Loading ...
Sorry, an error occurred while loading the content.

Holy Rule for Dec. 17

Expand Messages
  • Br. Jerome Leo
    +PAX Prayers, please, for Alicia, on her birthday. Prayers for a Catholic group in Nicaraugua (I don t have a name for them,) that is doing a lot of good with
    Message 1 of 78 , Dec 16, 2009
    • 0 Attachment
      +PAX

      Prayers, please, for Alicia, on her birthday.

      Prayers for a Catholic group in Nicaraugua (I don't have a name for them,) that is doing a lot of good with corporal works of mercy.

      Please pray for a woman in her mid-late twenties. She is 8 weeks pregnant in a very high-risk pregnancy. Please also pray for emotional healing for her.

      Prayers of thanks, Nina's MRI turned out to be negative. Deo Gratias!

      Prayers please for Veronica and her teen aged son who are trying to find a small house that they can afford to buy and that is suitably near their church.

      Prayers of thanks for Saymond for whom we prayed before that he could find work , God kept him waiting a long time but he will start work in mid January. Deo gratias.

      [Non-text portions of this message have been removed]
    • carmelitanum
      +PAX Please continue prays for the recovery of our good Brother Jerome. Lord, help us all as You know and will. God s will is best. All is mercy and grace. God
      Message 78 of 78 , Oct 14, 2014
      • 0 Attachment
        +PAX


        Please continue prays for the recovery of our good Brother Jerome.


        Lord, help us all as You know and will. God's will is best. All is mercy and
        grace. God is never absent, praise Him! Thanks so much. JL

        February 14, June 15, October 15
        Chapter 12: How the Morning Office Is to Be Said

        The Morning Office on Sunday shall begin with Psalm 66
        recited straight through without an antiphon.
        After that let Psalm 50 be said with "Alleluia,"
        then Psalms 117 and 62,
        the Canticle of Blessing (Benedicite) and the Psalms of praise (Ps.
        148-150);
        then a lesson from the Apocalypse to be recited by heart,
        the responsory, the verse,
        the canticle from the Gospel book,
        the litany and so the end.

        REFLECTION

        Ever notice how a loving parent makes allowances so the kids WON'T
        slip up or be discouraged? Good teachers do the same thing. Some
        things are made so deliberately easy that all of the students can
        generally make it through the hoop!

        St. Benedict does this with both morning Offices, beginning Vigils
        and Lauds with 2 psalms that are said every day. He even stresses
        that, at Lauds, the 66th Psalm is to be said slowly, so that the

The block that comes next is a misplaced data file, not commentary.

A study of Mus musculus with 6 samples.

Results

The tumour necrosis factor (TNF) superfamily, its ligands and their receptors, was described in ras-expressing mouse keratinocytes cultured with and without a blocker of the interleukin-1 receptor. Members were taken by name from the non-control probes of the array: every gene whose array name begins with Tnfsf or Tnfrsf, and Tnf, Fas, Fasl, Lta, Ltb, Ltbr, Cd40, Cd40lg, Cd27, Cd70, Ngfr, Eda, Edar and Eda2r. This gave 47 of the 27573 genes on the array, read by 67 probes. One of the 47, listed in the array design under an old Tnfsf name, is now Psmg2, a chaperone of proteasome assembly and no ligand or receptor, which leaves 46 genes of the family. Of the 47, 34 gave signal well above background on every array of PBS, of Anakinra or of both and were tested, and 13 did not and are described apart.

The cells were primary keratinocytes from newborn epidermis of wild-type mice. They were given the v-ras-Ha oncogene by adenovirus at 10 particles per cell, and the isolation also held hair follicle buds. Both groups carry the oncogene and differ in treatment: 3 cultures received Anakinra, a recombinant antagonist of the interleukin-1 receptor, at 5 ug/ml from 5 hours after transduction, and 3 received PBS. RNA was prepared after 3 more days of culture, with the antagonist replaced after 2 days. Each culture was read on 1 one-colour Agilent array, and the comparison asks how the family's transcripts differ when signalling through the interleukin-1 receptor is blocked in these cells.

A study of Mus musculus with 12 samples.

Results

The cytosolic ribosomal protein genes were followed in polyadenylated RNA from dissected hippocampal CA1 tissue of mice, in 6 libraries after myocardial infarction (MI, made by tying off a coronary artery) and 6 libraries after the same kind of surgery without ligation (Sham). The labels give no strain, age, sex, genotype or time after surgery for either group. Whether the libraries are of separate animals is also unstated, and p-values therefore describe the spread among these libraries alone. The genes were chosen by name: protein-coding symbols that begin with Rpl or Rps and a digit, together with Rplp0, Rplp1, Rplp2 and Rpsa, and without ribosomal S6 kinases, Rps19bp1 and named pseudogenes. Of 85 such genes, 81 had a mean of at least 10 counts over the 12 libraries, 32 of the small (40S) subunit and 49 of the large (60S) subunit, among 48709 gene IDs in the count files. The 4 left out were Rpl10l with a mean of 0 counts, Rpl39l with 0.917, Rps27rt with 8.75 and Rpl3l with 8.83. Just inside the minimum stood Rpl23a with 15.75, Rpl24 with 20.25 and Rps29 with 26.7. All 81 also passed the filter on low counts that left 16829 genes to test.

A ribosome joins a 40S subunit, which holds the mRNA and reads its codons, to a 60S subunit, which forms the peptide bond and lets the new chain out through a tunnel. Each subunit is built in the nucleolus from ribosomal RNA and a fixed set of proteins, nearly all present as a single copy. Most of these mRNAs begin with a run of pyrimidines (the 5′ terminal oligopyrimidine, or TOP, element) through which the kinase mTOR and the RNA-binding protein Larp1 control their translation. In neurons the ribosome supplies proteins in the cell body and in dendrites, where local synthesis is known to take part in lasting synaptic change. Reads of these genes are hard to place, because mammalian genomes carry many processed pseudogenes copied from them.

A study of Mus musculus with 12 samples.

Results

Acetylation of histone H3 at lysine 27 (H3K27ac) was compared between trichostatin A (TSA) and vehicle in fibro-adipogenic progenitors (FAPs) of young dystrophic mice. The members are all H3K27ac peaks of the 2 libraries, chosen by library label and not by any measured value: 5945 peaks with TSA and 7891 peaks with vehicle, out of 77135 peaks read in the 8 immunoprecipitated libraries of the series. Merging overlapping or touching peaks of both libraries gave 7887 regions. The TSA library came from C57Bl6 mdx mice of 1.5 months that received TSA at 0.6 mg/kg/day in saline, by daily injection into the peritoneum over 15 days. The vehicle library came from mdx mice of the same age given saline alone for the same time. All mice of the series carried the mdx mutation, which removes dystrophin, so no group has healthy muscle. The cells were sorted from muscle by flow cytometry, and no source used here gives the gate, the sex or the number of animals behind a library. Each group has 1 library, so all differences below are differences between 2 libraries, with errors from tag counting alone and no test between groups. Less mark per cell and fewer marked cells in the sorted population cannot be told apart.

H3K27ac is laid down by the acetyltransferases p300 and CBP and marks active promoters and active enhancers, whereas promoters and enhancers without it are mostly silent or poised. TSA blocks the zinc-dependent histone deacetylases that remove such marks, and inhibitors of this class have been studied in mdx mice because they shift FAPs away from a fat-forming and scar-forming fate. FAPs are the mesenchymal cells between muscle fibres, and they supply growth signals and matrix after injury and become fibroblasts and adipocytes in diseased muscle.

monastics may have time to gather.

        Those two Offices are the time people are most likely to be running
        late, either because they had to bound out of bed at the last minute,
        or because the "necessities of nature" break between Vigils and Lauds
        delayed them unexpectedly. It is worth noting that only with these
        two Offices, when tardiness can so easily occur, does the Holy Rule
        make such allowance. For a further bit of trivia, these four Psalms
        are repeated every day: one could miss them several times in a week
        and still have said all 150 Psalms in that week.

        Sometimes people (including, alas, ourselves!) can make unrealistic
        conditions and demand that others meet them. The concept of failure
        is built into those demands. We fence people about with our own
        standards that they could not possibly meet, then condemn them for
        failing to meet them! What a sad and tragic game.

        Take a self-inventory and check to see if there is anyone you dislike so
        intensely that they cannot be right, no matter what they do. If there are any
        such folks, it's time for you to change, not them! I recall, alas, one pastor
        who annoyed me so much that even when he used incense (something I ordinarily
        love,) I carped to myself that he didn't do it right. With me, he just could NOT
        win. Sigh... When things get that bad, it's ourselves who need the overhaul,
        not the presumed "offender."

        St. Benedict, by his example, teaches us to be the exact opposite. He
        shows us that we should be gentle and loving, that we should not be
        about setting burdens on others that are guaranteed to make them fail
        or quit or be discouraged. If we have received such kindness, we
        should pass it on!

        Love and prayers,
        Jerome, OSB
        http://www.stmarysmonastery.org
        Petersham, MA


      Your message has been successfully submitted and would be delivered to recipients shortly.